On July 9, the Tokyo Quarantine Station detected GM papaya in the papaya vinegar marinade imported from the Philippines by Chi-ta Co., Ltd. (See BJ August 2018
) The government then requested importers to carry out voluntary inspections. On August 16, illegal GM papaya was discovered in pickles imported from Vietnam by Interfresh Co., Ltd. through a voluntary inspection. Both were required to be reshipped or discarded. Both papaya materials detected were found to be resistant to ringspot disease, but where the GM papayas were developed has not been investigated.
Early in 2021, the Ministry of Health, Labour and Welfare (MHLW) began work toward the approval of genome-edited fish (see BJ July 2021
), the deliberations being completed in July. This referred specifically to approval of the "fleshy red sea bream" developed by Regional Fish Institute, Ltd. (RFI). On August 19, the Yomiuri Shimbun reported that the fish would soon be out on the market. RFI is a Kyoto University venture company started up by Assistant Professor Masato Kinoshita of Kyoto University and Professor Keitaro Kato of Kinki University. Using genome editing technology, the two professors developed a fast-growing fleshy red sea bream. Asst. Prof. Kinoshita is also developing a fleshy tiger puffer using the same technology. At the same time, Prof. Kato has developed aquafarming techniques for the satsukimasu salmon (Oncorhynchus masou ishikawae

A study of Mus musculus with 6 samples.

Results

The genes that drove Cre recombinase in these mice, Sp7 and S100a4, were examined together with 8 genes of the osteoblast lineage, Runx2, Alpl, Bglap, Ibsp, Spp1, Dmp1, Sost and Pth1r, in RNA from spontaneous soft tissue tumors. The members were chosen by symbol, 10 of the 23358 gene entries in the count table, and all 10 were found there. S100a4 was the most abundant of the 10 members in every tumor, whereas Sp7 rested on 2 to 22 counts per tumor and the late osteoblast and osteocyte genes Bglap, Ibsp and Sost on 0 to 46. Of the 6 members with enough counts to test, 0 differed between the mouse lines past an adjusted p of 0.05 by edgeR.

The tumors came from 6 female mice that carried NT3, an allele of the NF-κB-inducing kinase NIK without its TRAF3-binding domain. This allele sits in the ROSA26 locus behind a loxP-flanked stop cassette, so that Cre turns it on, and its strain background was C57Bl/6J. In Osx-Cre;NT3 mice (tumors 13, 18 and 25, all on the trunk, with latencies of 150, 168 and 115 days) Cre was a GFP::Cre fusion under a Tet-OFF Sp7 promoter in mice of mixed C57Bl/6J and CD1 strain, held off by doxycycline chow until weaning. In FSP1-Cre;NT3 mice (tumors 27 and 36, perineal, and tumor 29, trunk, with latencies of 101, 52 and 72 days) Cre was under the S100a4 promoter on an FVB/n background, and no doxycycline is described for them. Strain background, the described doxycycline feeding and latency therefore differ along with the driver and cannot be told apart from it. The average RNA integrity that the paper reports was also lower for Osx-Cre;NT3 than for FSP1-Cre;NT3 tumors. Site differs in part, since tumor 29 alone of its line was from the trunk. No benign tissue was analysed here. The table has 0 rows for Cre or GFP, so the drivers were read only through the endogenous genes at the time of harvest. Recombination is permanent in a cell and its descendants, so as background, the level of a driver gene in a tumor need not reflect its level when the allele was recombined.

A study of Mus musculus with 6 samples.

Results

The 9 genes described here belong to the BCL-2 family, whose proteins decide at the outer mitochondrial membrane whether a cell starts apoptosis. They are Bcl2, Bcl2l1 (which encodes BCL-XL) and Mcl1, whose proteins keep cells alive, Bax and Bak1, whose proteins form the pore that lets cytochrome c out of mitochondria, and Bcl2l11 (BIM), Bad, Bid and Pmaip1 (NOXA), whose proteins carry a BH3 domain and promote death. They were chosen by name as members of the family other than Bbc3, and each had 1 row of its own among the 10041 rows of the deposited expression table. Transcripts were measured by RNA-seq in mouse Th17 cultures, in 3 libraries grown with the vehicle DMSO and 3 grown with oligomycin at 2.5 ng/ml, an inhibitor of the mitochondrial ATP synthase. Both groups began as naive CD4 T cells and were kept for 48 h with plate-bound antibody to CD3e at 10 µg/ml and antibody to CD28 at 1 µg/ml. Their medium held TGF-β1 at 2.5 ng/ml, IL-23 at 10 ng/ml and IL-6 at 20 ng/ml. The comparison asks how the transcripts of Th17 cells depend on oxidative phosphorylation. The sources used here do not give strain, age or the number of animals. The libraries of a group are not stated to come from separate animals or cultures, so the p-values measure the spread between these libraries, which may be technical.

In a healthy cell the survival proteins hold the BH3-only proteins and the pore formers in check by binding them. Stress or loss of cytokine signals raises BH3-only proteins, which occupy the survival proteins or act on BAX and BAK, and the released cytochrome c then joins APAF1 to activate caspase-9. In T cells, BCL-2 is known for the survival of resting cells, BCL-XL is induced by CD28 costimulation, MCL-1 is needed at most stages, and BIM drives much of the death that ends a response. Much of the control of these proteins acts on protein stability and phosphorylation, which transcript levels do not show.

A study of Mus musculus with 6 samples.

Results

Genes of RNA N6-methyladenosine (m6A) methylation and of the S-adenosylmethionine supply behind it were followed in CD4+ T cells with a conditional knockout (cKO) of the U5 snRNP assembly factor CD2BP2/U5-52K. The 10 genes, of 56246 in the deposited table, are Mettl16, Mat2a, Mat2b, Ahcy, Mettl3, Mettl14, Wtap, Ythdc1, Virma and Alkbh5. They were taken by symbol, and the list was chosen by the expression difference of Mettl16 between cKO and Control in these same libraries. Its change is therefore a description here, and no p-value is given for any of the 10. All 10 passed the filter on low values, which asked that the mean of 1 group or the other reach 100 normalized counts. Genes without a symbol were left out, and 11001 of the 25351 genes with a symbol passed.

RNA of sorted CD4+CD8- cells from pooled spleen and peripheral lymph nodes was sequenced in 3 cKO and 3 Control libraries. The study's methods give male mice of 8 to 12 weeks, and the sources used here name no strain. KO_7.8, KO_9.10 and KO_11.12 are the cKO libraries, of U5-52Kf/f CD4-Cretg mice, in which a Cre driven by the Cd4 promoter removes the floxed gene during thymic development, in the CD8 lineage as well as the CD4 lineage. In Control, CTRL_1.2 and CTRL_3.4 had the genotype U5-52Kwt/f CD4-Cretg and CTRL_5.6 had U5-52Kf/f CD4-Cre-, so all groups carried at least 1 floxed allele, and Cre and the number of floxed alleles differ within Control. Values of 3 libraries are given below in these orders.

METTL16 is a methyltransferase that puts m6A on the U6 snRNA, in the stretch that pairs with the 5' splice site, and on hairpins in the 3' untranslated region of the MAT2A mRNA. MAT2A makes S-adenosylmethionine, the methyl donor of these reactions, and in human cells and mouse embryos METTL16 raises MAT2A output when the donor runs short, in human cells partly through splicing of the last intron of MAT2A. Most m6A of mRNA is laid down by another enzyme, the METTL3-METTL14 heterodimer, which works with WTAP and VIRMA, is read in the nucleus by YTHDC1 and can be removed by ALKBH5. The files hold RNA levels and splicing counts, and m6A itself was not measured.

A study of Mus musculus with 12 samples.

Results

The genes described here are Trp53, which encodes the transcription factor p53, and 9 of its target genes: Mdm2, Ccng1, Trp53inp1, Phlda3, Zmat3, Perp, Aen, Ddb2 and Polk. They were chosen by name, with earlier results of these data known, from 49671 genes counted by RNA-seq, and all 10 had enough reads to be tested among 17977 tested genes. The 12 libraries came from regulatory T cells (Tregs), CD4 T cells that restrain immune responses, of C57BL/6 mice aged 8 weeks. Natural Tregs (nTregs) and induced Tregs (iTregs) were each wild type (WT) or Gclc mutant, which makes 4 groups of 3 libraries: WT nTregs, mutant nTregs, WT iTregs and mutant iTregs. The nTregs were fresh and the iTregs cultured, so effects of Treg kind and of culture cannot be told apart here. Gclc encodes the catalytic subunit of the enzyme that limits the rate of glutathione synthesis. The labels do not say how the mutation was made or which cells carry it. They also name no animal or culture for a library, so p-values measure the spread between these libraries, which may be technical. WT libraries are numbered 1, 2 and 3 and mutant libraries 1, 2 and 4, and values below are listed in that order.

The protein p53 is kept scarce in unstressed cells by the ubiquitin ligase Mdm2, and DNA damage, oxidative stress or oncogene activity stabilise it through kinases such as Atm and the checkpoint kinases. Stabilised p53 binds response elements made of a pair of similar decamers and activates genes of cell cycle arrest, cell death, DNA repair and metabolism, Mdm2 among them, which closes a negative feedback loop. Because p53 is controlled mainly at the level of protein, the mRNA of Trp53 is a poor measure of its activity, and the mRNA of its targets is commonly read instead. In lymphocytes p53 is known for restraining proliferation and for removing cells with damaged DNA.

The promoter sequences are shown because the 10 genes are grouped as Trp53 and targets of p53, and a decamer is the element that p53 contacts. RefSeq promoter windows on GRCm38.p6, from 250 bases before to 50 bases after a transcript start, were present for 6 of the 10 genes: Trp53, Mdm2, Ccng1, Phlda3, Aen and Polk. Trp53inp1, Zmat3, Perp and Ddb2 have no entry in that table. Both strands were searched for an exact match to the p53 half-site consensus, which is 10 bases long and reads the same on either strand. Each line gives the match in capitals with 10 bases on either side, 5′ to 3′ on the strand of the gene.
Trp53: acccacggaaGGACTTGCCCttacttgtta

), a fish that does not adapt well to aquafarming. Hiroshi Ohga, an assistant professor at the Aqua-Bioresource Innovation Center (ABRIC) at Kyushu University's Graduate School of Agriculture, is also developing easy-to-cultivate common mackerel using genome editing technology. Genome-edited fish are currently being very actively developed, the government not requiring environmental impact assessments, food safety assessments, or labeling for these kinds of fish. It is thought that the varieties of genome-edited fish will continue to increase in the future.